Virginia Tech was twelve years ago.


Newtown was six and a half years ago.


Marjory Stoneman Douglas was fifteen months ago.


UNC Charlotte was was eleven days ago.


STEM School Highlands Ranch was three days ago.


Even without mentioning what these names and dates refer to, you know. We all know the schools into which young men walked with guns and paramedics left with bodies. The incidents are distinguishable by the names of their schools, sometimes not even the entire name, but we know what happened there. 13, 32, 26, 17, 2, 1, the number of dead read like a lottery of whose number was randomly pulled from the swirling ball pit of political inactivity.


The pattern of national grief is so well practiced that it now suffers from a grim efficiency: shock, pictures of hugging parents waiting for news, balloons and letters on school steps, declarations that it will never happen again, oblivion until we are called upon to repeat the steps anew. From time to time we add in some political posturing for good measure, but quickly each side retreats to its bunker; the perceived cost of acquiescence so much higher than the cost of anonymous life. A political tourniquet that would stop the bloodshed might risk the atrophy of necessary constituencies. Besides, no one really expects change, so why risk it? Like a placebo that only acts on the mind instead of the disease, everyone says the things their side wants to hear ignoring the cancer that continues to progress unabated.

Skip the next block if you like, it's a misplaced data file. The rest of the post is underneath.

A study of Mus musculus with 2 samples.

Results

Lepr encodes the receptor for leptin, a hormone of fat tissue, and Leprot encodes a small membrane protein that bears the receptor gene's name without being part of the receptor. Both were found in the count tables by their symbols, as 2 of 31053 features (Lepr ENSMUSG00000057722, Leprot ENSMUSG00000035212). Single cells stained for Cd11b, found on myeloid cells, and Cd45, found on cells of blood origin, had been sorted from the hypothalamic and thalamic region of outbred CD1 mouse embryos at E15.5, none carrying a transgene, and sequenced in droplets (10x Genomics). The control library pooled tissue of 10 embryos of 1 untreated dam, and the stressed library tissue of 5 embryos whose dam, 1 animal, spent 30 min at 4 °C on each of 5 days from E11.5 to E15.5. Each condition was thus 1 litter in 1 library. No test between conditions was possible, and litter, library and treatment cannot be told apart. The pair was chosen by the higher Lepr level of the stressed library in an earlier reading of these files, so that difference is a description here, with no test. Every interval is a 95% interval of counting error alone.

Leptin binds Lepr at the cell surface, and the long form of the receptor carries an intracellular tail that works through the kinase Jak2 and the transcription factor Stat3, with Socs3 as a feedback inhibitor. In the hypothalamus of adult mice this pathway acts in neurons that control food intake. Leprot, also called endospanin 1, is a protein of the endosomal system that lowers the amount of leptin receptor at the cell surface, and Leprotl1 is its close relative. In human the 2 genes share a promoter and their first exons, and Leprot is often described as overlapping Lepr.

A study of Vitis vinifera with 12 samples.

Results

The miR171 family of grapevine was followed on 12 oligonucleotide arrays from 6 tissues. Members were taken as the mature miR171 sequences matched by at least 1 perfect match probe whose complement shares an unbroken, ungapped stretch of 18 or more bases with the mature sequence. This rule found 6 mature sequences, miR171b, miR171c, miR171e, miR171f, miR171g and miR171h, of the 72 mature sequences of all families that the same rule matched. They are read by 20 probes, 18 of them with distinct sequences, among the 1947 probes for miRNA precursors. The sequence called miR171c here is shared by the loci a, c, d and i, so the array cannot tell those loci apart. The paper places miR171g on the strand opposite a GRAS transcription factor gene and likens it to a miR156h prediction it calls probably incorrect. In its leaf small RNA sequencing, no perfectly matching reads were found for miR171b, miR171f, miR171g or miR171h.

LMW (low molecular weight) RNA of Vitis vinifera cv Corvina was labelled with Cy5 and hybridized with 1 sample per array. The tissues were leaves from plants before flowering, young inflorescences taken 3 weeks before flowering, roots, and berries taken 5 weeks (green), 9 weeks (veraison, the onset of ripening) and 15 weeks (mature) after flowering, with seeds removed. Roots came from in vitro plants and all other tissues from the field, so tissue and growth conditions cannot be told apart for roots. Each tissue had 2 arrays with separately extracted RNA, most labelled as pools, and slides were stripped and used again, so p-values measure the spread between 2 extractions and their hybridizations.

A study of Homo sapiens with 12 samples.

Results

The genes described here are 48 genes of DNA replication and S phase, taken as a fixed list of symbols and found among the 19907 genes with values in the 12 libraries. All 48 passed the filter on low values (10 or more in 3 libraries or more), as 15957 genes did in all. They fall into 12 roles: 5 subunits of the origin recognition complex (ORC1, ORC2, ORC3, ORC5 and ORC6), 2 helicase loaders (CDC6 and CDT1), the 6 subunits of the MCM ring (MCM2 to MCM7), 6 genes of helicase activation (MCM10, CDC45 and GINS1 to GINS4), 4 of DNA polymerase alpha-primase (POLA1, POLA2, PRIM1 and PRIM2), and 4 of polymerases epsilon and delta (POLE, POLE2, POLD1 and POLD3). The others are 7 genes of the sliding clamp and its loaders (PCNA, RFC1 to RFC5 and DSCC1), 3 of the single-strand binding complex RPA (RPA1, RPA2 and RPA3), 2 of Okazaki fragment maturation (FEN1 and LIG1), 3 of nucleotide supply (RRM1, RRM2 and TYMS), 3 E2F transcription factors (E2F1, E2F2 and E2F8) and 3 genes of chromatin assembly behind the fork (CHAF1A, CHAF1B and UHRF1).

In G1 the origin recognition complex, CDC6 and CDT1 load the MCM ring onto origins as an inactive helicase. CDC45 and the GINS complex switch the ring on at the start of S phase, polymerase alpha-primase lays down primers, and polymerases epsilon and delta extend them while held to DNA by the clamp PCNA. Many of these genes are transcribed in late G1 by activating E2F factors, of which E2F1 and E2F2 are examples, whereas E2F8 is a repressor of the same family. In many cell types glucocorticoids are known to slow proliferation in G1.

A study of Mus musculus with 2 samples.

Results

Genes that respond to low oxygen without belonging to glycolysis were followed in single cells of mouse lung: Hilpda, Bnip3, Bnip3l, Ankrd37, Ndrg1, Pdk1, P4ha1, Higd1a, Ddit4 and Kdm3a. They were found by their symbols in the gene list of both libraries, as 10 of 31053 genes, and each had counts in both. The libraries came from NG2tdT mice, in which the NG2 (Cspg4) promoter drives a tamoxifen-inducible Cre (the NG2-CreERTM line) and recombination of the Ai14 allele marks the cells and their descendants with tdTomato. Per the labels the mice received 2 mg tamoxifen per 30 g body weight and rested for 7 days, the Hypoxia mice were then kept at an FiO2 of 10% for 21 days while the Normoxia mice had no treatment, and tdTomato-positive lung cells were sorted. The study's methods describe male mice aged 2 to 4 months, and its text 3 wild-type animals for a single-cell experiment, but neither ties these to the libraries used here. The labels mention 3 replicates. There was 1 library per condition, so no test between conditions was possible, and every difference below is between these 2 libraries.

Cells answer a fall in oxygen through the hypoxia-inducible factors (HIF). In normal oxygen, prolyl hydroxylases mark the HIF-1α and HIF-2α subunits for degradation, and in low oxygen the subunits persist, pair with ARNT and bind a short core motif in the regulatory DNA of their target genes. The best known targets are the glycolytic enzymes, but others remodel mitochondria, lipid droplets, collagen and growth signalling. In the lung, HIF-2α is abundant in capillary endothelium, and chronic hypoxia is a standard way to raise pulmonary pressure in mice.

Active shooter drills have replaced fire drills, and our children’s nursery rhymes no longer teach them about eggs sitting on walls but of shooters hunting them in the hallway. As often happens in school, the students are learning the lesson we didn’t know we were teaching them: you are on your own, it is imperative that you risk your lives so that politicians are not forced to risk their careers. Kendrick Castillo learned that lesson, and so did Riley Howell. When the shooters entered their school, these young men risked everything while men much older and more powerful then they could shake their heads in dismay while risking nothing at all.


Every times this happens there are cries of “Never again.” Instead of looking for a solution to the crisis, too many are looking for the solution that will resonate with voters, while students die too young to ever join that distinguished group. Sales of bullets climb along with memberships to March for our Lives after each event, but legislation remains stalled.


There is a saying in politics, “You are either at the table or on the menu.” Those at the table have put our children on the menu.